British Telecom is to invest up to pounds 600m in a partnership that will try to break the German monopoly of Deutsche Telekom from 1998 onwards.
The venture was strengthened yesterday by the inclusion of the German industrial giant RWE of Essen, alongside Viag of Bavaria, the existing partner.
The move into the German telecoms market, until 1998 a protected monopoly, closely parallels the attack on BT over the last decade by Mercury Communications.
In the UK, competitors such as Mercury have been unable to break the giant company's dominant grip on most of the market. But BT insisted that the German regulatory framework was likely to give it a better chance of a breakthrough to a substantial market share. BT said the three companies would invest roughly equal shares over the next few years of a total of DM3bn-DM4bn (pounds 1.3bn-pounds 1.8bn) planned spending. There are rumours that a fourth partner, the industrial group Thyssen, may also join. If the partners win a further licence for mobile telecommunications services, they may spend a further DM1bn, a BT source said.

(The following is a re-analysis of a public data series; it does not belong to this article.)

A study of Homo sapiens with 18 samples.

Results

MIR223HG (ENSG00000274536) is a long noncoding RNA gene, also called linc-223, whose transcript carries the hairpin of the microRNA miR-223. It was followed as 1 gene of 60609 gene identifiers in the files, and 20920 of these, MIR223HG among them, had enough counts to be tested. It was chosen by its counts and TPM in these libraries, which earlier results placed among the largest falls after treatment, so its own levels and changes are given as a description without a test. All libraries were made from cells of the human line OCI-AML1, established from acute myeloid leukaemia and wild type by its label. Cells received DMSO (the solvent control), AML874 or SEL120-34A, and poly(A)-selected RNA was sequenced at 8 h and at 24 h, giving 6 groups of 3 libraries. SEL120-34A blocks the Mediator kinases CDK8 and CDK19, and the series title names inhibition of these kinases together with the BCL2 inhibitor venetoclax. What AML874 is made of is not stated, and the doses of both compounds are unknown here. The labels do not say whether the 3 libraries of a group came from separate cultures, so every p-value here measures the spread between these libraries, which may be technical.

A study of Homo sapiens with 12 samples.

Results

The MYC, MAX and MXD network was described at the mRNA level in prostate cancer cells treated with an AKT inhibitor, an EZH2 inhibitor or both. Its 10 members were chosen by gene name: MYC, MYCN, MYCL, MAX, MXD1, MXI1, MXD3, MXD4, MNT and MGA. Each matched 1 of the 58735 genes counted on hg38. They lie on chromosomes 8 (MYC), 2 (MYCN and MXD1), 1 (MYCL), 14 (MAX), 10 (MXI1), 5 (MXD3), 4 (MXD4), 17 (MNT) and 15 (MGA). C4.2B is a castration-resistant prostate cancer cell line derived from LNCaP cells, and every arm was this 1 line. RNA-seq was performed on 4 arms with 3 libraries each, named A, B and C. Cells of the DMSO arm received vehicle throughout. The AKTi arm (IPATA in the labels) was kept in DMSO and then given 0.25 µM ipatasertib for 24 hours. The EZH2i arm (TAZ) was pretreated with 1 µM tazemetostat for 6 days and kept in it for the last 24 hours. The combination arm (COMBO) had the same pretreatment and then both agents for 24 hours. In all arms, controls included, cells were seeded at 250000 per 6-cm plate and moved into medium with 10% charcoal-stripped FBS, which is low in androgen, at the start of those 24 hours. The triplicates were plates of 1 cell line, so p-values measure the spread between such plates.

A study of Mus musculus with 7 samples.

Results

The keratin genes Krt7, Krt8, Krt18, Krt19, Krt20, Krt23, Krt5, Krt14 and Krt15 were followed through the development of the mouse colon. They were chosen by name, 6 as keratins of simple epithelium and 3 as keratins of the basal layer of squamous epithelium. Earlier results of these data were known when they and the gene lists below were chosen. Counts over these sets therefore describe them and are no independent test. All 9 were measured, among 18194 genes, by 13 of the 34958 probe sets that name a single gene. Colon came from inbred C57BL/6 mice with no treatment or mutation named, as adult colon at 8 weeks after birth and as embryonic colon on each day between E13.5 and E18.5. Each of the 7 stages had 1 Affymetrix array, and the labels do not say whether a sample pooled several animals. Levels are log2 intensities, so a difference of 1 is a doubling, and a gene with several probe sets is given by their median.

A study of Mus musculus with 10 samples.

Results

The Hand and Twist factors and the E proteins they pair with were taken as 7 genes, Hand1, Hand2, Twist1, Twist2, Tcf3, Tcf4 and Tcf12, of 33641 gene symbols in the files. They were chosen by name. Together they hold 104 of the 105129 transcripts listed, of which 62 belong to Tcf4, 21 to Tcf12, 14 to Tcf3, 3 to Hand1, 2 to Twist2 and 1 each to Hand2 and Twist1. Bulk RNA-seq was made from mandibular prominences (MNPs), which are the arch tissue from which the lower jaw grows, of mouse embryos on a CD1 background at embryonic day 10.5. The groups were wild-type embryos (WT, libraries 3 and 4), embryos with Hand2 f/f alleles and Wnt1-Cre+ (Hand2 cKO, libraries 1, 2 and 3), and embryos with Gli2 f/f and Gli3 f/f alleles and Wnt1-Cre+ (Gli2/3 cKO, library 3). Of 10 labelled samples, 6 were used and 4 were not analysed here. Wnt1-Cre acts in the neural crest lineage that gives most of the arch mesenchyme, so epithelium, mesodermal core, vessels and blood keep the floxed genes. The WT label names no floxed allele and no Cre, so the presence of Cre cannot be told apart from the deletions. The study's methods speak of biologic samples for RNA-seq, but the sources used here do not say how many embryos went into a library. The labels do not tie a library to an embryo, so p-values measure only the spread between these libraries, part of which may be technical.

Sir Peter Bonfield, BT's chief executive, said the German partnership was a key element of the group's international strategy.
The company, chaired by Sir Iain Vallance, now has partnerships in half a dozen European markets. But Alfred Mockett, managing director of BT's global communications business, admitted that the going was tough in France, where BT is still short of a partner for an attack on France Telecom - which like Deutsche Telekom is due to lose its monopoly from 1998 under a European Union deregulation programme.
Mr Mockett said BT's other joint ventures would allow it to ensure that all the projects produced a "well fitting jigsaw, providing seamless European coverage."
Meanwhile, Don Cruickshank, the telecoms regulator, directed BT to stop unfair cross-subsidies to parts of its Managed Network Services, following his second attempt to investigate complaints.